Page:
Hearing problems after a brain injury

A brain injury can damage both mechanical and neurological processes and result in a variety of hearing difficulties.

The mechanical process of hearing is carried out by the ear itself which has three sections, the outer, middle, and inner ears.


The outer ear, consisting of the lobe and ear canal, protects the more fragile parts inside.


The middle ear begins with the eardrum - sound makes this thin membrane vibrate. The vibration is transferred via three small bones to the inner ear.


The inner ear has a tube called the cochlea which is wound tightly like a snail shell. From here the neurological process begins - the vibration are turned into electrical impulses and sent to various parts of the brain for processing. 


The trauma involved in a traumatic brain injury (TBI) most commonly affects the mechanical process. An eardrum may rupture, any of the small bones could break or there could be bleeding or bruising of the middle ear.


Sometimes damage to the parietal or temporal lobes can disrupt the neurological process. Thankfully many hearing difficulties are not permanent and can be reduced or eliminated with treatment.


Diagnosis of hearing problems

Accurate diagnosis and treatment are essential, so see your doctor who will probably refer you to an audiologist or an ear/nose/throat specialist. Some audiologists run specialist clinics to help manage particular conditions with specialist hearing aids or therapeutic noise generators.



Tinnitus is experienced as noises which are commonly like a buzzing, hissing or ringing in the ears. It is usually caused by damage to the mechanical process of hearing. It can worsen with exposure to loud noises, excessive stress, caffeine, alcohol, nicotine, some illicit drugs and medications, and quinine found in tonic water.


Some audiologists run clinics to help manage tinnitus. Other treatments include tinnitus retraining therapy, cognitive behavioural therapy, and learning coping strategies.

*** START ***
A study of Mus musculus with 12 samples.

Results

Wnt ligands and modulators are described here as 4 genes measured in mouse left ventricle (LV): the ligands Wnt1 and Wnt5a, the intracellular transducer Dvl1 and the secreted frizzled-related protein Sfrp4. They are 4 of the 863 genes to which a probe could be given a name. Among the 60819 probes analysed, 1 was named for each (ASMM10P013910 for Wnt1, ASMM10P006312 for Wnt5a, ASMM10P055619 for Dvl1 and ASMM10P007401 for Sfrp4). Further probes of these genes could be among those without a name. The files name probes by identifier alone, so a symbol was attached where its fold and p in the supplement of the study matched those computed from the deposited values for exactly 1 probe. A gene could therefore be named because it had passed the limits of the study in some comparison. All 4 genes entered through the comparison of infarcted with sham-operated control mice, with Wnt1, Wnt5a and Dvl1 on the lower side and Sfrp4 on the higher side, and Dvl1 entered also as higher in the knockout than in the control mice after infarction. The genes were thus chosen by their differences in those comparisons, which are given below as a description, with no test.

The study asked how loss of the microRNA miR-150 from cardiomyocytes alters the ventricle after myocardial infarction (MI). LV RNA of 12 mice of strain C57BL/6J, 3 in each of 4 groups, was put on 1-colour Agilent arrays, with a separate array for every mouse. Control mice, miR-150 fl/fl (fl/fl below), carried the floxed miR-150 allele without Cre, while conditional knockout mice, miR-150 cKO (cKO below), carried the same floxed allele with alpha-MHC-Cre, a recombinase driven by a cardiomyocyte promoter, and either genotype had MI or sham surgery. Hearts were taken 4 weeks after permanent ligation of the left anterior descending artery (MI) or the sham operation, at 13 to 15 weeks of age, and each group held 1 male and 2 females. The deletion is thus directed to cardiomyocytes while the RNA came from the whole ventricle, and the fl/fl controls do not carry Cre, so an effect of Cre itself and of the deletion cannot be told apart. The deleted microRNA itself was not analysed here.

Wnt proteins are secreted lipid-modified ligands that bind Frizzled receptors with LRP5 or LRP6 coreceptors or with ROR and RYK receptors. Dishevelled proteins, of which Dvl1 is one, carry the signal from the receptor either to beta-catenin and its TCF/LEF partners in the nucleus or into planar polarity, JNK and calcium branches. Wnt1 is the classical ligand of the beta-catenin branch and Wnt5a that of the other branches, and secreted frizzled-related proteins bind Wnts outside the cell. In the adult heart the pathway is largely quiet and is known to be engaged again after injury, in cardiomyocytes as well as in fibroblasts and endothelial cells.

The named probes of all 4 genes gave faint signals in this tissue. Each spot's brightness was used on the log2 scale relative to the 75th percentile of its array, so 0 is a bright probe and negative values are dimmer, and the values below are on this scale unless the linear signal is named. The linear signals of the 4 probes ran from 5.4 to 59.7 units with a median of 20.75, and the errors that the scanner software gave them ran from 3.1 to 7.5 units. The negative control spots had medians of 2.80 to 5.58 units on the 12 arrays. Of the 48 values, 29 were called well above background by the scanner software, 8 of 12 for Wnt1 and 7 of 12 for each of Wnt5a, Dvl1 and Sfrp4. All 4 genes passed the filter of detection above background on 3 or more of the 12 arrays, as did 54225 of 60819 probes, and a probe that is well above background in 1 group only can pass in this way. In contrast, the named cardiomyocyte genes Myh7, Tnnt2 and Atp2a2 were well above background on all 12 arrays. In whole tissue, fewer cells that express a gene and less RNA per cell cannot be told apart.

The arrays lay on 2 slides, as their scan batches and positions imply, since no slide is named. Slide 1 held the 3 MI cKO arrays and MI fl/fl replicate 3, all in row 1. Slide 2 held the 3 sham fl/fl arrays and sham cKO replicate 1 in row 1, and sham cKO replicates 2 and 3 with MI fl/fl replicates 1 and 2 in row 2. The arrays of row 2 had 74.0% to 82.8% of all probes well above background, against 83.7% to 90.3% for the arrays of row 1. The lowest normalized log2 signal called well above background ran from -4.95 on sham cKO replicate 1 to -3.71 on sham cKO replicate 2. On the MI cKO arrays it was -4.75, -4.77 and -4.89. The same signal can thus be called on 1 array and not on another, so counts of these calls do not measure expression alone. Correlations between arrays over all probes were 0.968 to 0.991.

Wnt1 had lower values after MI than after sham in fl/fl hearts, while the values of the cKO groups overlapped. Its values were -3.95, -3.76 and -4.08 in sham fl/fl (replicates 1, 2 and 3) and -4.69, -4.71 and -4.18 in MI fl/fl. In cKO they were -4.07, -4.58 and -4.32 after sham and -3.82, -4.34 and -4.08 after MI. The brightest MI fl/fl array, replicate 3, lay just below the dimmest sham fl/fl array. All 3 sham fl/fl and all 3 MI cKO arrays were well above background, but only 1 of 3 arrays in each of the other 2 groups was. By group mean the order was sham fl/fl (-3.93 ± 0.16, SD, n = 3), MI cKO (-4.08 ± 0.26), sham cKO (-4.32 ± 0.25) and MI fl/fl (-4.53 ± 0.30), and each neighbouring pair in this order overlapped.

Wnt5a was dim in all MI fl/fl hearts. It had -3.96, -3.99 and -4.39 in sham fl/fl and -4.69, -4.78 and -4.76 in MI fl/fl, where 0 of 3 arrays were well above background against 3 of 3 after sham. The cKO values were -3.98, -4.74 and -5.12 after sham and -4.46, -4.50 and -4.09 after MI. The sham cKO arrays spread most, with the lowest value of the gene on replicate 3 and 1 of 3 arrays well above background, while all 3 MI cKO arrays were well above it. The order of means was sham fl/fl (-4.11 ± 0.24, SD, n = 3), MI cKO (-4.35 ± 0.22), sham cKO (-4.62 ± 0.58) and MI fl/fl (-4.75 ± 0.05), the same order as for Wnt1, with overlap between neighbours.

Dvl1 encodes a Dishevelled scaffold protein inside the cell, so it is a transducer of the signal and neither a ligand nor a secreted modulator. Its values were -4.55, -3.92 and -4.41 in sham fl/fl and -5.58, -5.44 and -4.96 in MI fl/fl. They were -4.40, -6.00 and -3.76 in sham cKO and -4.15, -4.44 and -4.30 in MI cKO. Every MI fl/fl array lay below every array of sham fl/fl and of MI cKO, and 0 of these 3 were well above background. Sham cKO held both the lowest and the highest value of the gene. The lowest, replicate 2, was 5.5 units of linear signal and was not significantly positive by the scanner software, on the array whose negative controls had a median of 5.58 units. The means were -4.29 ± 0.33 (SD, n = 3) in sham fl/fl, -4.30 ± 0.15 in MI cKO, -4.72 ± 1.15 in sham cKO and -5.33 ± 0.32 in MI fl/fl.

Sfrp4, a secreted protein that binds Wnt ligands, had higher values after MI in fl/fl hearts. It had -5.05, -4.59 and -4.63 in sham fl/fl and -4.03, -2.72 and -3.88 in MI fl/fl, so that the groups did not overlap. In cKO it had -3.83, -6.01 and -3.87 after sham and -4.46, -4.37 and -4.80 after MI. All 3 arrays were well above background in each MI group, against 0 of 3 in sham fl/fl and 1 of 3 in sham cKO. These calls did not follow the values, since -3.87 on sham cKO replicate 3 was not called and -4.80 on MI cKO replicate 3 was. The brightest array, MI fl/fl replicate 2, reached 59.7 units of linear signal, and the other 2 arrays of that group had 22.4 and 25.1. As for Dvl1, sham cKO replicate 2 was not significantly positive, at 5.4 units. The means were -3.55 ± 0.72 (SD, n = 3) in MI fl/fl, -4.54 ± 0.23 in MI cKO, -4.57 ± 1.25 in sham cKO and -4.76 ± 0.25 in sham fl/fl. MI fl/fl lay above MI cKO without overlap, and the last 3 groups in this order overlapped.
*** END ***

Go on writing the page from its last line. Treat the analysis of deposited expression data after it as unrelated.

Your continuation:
Hearing aids can be adapted with a soft noise generator as long-term exposure to gentle sound can desensitize the ears very effectively. This 'white noise' contains every frequency audible to humans, and can be likened to the sound of distant surf or wind


Sensitivity (hyperacusis)

Trauma to the inner ear can cause certain noises or pitches to become extremely loud or soft, causing many problems in situations such as dining out, taking a walk, washing the dishes, using a vacuum cleaner or listening to music. Often the problem is not diagnosed as the person has trouble convincing others that the problem exists. An audiology test will often show that hearing is 'normal', but it is the sensitivity or inability to handle rapid changes in volume that is the issue. There are no 'cures' for hyperacusis but there are many effective strategies to manage this condition. 


Ear plugs and ear muffs can help in some situations. Time activities such as dining out or shopping in quieter off-peak periods. Avoid stimulants such as nicotine and caffeine. A proper diet, good sleep and exercise play their part in better overall health which can make a difference. 


Hearing clinics can provide therapy with a specially programmed hearing aid to manage the hyperacusis by desensitizing the ears with long-term exposure to gentle sound.


Meniere's syndrome

This syndrome is caused by excessive pressure in the chambers of the inner ear. Nerve-filled membranes stretch which can cause hearing loss, ringing, vertigo, imbalance and a sensation of pressure in the ear.


It is incurable, but treatment can alleviate the symptoms with medication such as diuretics or steroids, electrical stimulation or simply limiting movement. There are various surgical procedures that may decrease the pressure or remove/deaden the nerves responsible.


Auditory agnosia

This rare condition involves problems with recognizing nonverbal sounds but still being able to speak normally. It usually involves injury to the temporal-parietal parts of the brain, and often resolves itself over time.


Practical tips for any hearing problems

There are practical steps you can take to lessen many hearing problems, many of which will help with other aspects of a traumatic brain injury and other brain disorders:

  • Avoid noisy stressful environments where possible
  • Talk with those you trust about the problem
  • Exercise regularly
  • Listen to gentle music to cover constant noise caused by tinnitus
  • Sleep well
  • Eat well and reduce salt if you have fluid pressure in the ear
  • Stop using drugs such as coffee, cigarettes and alcohol.